Public trust, once compromised, is hard to repair. Metro Parks is learning that the hard way.
The uproar over a task force’s report suggesting ways Metro Parks can make more money underscores the need for the parks district to do a better job at public outreach.
No one faults Metro Parks officials for trying to get ahead of a possible future budget deficit by making parks less dependent on taxpayers. Citizens demand such innovative and strategic thinking of their public officials.
But the park district went astray in recruiting 16 business and government leaders last year to brainstorm revenue-generating ideas without giving the public a seat at the table – or even a window on the process.
Community activists, one of Metro Parks bread-and-butter constituencies, were left completely out of the loop. They didn’t get wind of the task force until after it had completed its work in November and submitted a report.
The task force’s recommendations – which conjure a parks district driven by entrepreneurial spirit and the pursuit of commercial business — did little to assuage concerns. Neither did the discovery that one of the ideas already had legs of its own.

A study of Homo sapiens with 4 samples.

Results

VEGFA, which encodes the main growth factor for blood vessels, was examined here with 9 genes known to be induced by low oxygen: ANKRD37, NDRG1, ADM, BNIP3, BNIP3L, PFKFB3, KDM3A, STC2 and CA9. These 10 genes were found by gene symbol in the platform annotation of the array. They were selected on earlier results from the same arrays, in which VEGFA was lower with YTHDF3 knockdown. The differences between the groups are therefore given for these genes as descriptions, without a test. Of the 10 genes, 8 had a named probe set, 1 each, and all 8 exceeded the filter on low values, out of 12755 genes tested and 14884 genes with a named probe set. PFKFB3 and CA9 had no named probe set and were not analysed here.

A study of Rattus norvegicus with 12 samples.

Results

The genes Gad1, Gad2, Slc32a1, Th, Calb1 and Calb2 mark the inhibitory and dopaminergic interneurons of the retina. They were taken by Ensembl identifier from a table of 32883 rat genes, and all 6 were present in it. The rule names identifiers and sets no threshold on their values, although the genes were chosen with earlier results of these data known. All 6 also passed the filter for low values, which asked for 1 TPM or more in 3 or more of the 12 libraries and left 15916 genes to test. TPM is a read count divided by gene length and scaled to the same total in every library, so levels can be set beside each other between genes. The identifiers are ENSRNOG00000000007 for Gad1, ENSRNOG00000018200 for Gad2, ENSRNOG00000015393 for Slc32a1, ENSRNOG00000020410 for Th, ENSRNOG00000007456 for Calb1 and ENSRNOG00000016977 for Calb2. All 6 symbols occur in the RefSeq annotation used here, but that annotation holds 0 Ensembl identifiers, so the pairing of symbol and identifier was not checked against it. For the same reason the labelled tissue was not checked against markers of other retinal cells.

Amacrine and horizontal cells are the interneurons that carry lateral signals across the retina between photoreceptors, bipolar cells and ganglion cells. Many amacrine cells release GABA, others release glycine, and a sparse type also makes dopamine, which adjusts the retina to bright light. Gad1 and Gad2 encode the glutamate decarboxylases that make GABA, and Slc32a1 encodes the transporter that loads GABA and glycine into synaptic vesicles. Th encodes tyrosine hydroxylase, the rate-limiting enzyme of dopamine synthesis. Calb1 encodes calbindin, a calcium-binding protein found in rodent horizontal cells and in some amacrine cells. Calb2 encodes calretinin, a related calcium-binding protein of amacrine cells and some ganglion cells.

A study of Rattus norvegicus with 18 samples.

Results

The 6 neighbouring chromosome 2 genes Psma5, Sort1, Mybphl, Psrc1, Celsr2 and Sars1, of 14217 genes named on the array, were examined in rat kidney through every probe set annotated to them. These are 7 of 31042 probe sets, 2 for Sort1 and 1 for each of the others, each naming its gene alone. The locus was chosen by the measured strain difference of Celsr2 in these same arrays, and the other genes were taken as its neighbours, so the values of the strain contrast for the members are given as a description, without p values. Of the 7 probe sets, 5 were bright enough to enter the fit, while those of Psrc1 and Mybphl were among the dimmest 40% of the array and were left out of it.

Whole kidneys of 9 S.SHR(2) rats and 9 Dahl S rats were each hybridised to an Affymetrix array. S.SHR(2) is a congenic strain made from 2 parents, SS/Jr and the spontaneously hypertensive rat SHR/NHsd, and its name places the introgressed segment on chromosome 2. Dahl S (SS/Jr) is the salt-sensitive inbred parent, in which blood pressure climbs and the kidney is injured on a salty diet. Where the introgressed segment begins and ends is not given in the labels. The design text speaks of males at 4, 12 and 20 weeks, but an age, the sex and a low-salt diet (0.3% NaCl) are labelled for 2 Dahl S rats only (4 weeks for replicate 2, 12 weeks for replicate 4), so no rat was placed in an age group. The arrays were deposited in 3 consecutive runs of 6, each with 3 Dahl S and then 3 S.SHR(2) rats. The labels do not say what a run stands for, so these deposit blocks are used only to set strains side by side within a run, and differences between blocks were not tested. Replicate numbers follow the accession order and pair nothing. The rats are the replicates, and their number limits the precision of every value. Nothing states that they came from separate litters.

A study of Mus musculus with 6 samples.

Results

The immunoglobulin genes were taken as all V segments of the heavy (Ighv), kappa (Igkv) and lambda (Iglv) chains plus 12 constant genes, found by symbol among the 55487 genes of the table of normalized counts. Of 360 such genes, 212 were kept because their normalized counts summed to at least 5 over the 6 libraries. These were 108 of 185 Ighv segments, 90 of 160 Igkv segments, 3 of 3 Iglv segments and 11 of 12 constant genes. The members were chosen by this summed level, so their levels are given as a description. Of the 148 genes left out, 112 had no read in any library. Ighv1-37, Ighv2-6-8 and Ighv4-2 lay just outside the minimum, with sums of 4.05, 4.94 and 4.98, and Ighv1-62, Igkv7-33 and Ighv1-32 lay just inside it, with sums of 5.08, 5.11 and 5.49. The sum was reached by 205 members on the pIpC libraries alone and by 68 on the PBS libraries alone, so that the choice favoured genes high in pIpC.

In February, news broke that public agencies, Metro Parks among them, were quietly considering the redevelopment of a large swath of land that includes Cheney Stadium, Foss High School, parks headquarters and Heidelberg Park.
Metro Parks officials insist that the idea to turn the Heidelberg complex into an urban village sprang to life independent of the revenue task force’s work. But for wary neighborhood interests, news of the proposal sealed suspicions that park officials were secretly greasing the skids for paving over public parks.
Such a bias toward distrust doesn’t develop overnight. Metro Parks has a propensity for waiting until it has a concrete plan, architect’s renderings and a business model before going public.
The result, intentional or not, is that parks officials end up blindsiding neighborhoods. Community groups have told parks officials time and again: Spare us the pretty package and let us help shape the idea from the ground up.
The unfortunate thing is that controversy about process has overshadowed the substance of the task force’s work. While some of the panel’s recommendations are absolute nonstarters, the report as a whole is a provocative starting point for discussions about how the park district should shore up its long-term financial health.
To be successful, the parks district needs the public on its side. That won’t happen until the Metro Parks administration and board accept that their track record engenders a greater responsibility to involve the community early and often.